Part art and part science, dry-aging is a natural process which helps to concentrate flavor and texture in proteins. At 138°, we continue to explore possibilities that this process affords in order to bring diners the most delicious experience possible. Diners can witness our dry-aging first hand, as we are proud to exhibit our process.
What is dry-aging?
Dry aging is a controlled decay process. Meat is about 75% water and dry aging takes away this moisture from the meat, changing the texture and flavor by concentrating it into the remaining percentage of the meat.
The meat is hung in a humidity controlled room or environment in a way where all sides of the cut are exposed to unimpeded airflow. This allows moisture to pull from the meat gradually, creating mold that helps preserve the meat over time. The mold that is created is good mold, like one you would find in blue cheese.
During the aging period, some of the flavor compounds and other molecules in the meat undergo chemical change that will increase some flavor components while reducing others. Muscle cells in the meat are broken down by enzyme activity, forming fragments that are more flavorful than the original large molecules creating savory and sweet flavors.
Before the meat is cooked, the mold is trimmed away, exposing a more tenderized cut.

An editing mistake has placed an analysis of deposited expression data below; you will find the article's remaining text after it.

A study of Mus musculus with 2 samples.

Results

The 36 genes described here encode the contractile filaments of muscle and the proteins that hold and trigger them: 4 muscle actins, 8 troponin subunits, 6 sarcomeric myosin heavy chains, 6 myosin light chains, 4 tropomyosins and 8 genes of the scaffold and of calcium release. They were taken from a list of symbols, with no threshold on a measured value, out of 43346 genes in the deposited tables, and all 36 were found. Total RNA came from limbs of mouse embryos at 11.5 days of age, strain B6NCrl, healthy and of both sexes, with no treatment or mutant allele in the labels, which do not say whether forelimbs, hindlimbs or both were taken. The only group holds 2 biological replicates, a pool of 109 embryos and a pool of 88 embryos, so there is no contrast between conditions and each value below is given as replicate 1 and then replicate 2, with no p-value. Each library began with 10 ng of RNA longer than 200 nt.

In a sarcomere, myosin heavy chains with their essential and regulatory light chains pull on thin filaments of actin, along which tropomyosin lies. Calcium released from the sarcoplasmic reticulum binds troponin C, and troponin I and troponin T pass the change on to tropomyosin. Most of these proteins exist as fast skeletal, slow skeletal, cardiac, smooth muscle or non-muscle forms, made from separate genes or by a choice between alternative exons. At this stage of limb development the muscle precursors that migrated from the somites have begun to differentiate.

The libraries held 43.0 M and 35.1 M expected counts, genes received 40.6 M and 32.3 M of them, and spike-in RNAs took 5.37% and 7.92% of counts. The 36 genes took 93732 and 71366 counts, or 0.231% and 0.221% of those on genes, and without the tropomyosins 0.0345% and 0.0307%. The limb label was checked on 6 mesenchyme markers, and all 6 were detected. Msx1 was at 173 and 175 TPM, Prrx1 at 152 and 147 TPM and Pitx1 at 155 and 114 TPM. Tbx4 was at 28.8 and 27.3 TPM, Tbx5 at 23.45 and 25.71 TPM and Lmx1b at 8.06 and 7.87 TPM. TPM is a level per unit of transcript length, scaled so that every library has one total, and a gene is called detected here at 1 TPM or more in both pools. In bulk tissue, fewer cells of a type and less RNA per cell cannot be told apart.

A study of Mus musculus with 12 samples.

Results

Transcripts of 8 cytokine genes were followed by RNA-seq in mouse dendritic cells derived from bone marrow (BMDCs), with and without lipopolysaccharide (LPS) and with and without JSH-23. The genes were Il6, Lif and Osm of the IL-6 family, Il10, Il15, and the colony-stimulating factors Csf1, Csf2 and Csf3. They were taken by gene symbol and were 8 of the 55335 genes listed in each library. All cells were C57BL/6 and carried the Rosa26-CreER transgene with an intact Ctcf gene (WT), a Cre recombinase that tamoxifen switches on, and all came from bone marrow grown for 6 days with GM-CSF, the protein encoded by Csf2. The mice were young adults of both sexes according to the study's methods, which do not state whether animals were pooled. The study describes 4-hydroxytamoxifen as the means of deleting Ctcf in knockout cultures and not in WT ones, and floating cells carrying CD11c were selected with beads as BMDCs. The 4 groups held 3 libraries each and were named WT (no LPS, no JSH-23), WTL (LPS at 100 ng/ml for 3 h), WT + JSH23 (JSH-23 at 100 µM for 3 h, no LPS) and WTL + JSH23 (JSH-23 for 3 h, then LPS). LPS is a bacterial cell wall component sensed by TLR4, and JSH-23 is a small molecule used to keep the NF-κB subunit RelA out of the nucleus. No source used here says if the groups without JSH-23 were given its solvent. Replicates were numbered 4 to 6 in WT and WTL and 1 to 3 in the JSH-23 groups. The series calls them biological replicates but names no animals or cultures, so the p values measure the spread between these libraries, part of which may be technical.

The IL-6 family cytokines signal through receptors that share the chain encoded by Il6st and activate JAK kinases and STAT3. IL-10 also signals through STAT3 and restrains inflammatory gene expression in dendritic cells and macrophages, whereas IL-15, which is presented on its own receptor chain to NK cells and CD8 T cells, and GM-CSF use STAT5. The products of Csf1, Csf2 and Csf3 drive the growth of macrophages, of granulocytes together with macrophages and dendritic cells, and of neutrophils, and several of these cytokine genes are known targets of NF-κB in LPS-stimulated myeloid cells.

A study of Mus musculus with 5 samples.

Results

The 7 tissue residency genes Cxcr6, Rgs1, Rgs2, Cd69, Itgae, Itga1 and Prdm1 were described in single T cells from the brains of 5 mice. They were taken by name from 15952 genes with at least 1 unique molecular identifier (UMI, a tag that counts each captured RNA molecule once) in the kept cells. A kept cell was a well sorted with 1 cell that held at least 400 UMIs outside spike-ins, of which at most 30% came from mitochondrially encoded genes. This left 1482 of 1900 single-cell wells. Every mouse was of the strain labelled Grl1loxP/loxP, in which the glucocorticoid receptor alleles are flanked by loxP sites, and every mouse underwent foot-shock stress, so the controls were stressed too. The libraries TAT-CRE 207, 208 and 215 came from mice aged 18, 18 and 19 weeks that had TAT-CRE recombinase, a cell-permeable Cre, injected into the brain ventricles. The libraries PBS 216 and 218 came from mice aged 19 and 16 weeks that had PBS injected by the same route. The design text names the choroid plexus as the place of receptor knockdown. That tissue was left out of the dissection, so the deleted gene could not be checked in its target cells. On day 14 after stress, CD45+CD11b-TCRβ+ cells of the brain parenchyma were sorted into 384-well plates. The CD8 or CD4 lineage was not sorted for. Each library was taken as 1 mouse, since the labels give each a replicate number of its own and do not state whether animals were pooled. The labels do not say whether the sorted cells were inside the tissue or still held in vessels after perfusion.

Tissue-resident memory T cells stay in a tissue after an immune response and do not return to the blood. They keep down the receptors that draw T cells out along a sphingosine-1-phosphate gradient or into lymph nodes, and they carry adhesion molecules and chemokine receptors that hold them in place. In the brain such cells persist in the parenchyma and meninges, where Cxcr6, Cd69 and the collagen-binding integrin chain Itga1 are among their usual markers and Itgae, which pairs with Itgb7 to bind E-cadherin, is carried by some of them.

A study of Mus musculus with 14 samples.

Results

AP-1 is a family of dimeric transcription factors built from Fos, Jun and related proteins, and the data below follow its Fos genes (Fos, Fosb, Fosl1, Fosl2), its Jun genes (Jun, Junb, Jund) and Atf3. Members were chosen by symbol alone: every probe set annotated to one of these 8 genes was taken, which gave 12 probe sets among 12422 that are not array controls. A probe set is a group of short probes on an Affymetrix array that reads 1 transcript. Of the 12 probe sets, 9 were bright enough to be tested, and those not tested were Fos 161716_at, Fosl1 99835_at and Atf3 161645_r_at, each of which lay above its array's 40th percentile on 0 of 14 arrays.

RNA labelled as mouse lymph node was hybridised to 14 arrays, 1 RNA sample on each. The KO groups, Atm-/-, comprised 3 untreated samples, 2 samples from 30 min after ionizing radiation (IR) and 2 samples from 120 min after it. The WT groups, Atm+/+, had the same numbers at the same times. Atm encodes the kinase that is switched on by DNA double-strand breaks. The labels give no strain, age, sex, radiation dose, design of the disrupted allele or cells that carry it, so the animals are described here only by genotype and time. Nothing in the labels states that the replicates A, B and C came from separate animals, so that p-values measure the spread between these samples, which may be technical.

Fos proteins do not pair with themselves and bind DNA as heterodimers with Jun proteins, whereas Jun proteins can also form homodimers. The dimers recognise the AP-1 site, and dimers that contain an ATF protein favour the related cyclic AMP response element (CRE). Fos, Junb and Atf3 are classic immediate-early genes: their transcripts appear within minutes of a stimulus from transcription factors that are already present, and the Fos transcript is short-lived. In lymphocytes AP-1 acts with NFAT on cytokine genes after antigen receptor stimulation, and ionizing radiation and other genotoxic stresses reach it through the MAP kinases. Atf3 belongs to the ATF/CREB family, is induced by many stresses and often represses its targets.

138° aging periods & flavor notes from Chef Matt
Beef is aged for 90-180 days. The longer it ages the funkier it gets with a richer beef flavor, and intensified nutty, buttery (like buttered popcorn), cheesy, flavors. If you’re new to dry-aged steaks, you’ll want to go for the steak that has been dry-aged the shortest time.
Duck is aged for 2-3 weeks. Unlike beef, it doesn’t add funkiness. It mellows out the gaminess and dries out the skin and the fat for incredibly crispy skin. You might expect to get notes of truffles, blue cheese, and nutiness.
Pork is aged for 2.5-3 weeks, just enough to dry it out and develop the flavor. The dry-aging process changes the flavor to taste less like pork and more like the flavors of beef profiles. It has a funkiness to it that is a little bit different from beef.
Fish is aged anywhere from 3-4 days to 10 days, allowing it to concentrate in flavor, but not lose all the moisture. What’s intersting about dry-aging fish is that it loses all of that sea aroma and fishy smell. The skin dries up nice and crispy, and brings out all of the natural oils in the skin. Surprisingly, dry-aged fish can stand up to more masculine flavors like rosemary and red wine. Dry-aging a fish allows you to do a lot of different things than you normally would such as preparing it like a meat, pairing it with differenct sauces. People who don’t typically like fish may like dry-aged fish because it smells and tastes completely different.